This module introduces students to Jane Austen, focusing on the language, politics, representational technique, literary style, and historical significance of the novels. Students will consider issues of reception and adaptation, and resonances in modern global culture, with particular reference to the USA and China. Students will also consider how the novels embody and represent historical and cultural issues, with a particular focus on Austen’s ‘woman’s sentence’. Through reading, watching (in filmed productions), and discussing Austen’s novels, students will develop advanced skills in critical thinking and persuasive literary-critical writing.
Overall the module aims to:
• Introduce students to Austen’s novels, covering texts which are common cultural reference points;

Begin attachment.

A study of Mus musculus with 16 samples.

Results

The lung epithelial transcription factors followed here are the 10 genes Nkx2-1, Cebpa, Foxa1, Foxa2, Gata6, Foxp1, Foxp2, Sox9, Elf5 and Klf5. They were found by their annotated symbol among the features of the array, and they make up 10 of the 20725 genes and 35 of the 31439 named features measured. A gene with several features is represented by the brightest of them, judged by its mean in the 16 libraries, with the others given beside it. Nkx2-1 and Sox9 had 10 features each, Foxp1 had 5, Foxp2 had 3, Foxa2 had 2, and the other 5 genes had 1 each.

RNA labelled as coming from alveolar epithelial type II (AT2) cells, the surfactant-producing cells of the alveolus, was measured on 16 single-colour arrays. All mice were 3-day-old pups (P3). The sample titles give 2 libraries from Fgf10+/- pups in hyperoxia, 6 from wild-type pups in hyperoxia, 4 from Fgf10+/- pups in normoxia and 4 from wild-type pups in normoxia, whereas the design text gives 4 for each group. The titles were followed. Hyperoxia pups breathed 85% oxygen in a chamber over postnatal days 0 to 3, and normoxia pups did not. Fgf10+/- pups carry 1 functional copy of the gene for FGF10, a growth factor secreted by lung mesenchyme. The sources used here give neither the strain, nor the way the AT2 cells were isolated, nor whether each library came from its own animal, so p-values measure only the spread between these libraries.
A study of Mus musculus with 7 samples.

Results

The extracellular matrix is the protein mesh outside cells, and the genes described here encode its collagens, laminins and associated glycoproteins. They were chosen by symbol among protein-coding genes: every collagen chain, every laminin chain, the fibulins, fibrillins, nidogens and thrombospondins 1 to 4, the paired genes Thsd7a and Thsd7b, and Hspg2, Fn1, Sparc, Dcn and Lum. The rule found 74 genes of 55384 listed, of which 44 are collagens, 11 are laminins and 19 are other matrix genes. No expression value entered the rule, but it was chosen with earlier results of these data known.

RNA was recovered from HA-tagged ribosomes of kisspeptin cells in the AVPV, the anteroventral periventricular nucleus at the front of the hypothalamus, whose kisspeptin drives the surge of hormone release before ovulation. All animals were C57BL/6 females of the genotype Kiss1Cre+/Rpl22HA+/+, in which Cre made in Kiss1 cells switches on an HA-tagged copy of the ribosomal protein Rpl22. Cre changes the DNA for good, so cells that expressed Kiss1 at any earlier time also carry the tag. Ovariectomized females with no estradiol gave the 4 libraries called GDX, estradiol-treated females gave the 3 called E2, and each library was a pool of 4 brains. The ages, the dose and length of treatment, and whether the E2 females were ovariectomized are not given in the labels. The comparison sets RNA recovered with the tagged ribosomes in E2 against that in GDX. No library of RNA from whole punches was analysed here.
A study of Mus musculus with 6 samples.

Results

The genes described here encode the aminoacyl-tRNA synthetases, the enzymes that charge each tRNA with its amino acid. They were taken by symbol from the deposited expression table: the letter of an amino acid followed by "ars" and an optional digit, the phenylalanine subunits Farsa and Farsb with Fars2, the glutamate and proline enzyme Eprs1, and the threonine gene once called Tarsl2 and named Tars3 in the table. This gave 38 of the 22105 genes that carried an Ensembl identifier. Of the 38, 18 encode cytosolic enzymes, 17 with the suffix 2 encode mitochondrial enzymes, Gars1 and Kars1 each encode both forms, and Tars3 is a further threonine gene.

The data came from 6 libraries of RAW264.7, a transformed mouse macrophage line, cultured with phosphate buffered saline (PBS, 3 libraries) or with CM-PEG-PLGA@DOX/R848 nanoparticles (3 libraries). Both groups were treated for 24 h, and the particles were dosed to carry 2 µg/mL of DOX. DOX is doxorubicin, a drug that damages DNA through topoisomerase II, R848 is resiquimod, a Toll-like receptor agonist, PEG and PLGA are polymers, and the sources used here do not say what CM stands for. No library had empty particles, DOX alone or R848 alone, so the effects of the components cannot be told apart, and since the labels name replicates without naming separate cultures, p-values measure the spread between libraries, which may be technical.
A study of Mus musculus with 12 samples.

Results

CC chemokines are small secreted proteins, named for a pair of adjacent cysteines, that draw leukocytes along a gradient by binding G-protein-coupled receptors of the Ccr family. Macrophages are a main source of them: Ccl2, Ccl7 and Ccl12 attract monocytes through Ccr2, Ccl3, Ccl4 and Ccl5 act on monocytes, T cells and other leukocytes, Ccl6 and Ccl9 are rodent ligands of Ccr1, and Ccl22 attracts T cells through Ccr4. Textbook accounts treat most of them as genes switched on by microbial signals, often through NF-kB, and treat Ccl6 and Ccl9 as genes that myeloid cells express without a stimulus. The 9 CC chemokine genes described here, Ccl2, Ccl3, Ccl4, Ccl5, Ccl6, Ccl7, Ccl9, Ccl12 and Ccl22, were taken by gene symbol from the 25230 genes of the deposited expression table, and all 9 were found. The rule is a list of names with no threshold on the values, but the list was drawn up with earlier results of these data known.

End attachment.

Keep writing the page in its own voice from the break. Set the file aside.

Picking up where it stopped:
• Provide historical, theoretical, formal, and thematic frameworks for thinking about and interpreting texts by Austen, her influences and contemporaries
• Encourage consideration of relationships between texts and contexts, production and reception, in national and global perspectives
• Encourage original and persuasive responses to texts, informed by close reading and knowledge of key interpretative perspectives
A. read and respond critically to Austen as a nineteenth-century author and as a figure in historic and contemporary popular culture
B. analyze Austen texts with an appropriate combination of formal, contextual, and theoretical approaches
C. structure coherent, informed, detailed and reflective critical essays about Austen
The teaching sessions are divided into lectures and seminars. Lectures introduce relevant knowledge and ideas. Seminars facilitate reflective critical discussions about specific texts and contexts. Screenings allow students to see and reflect on Austen in adaptation and in popular culture.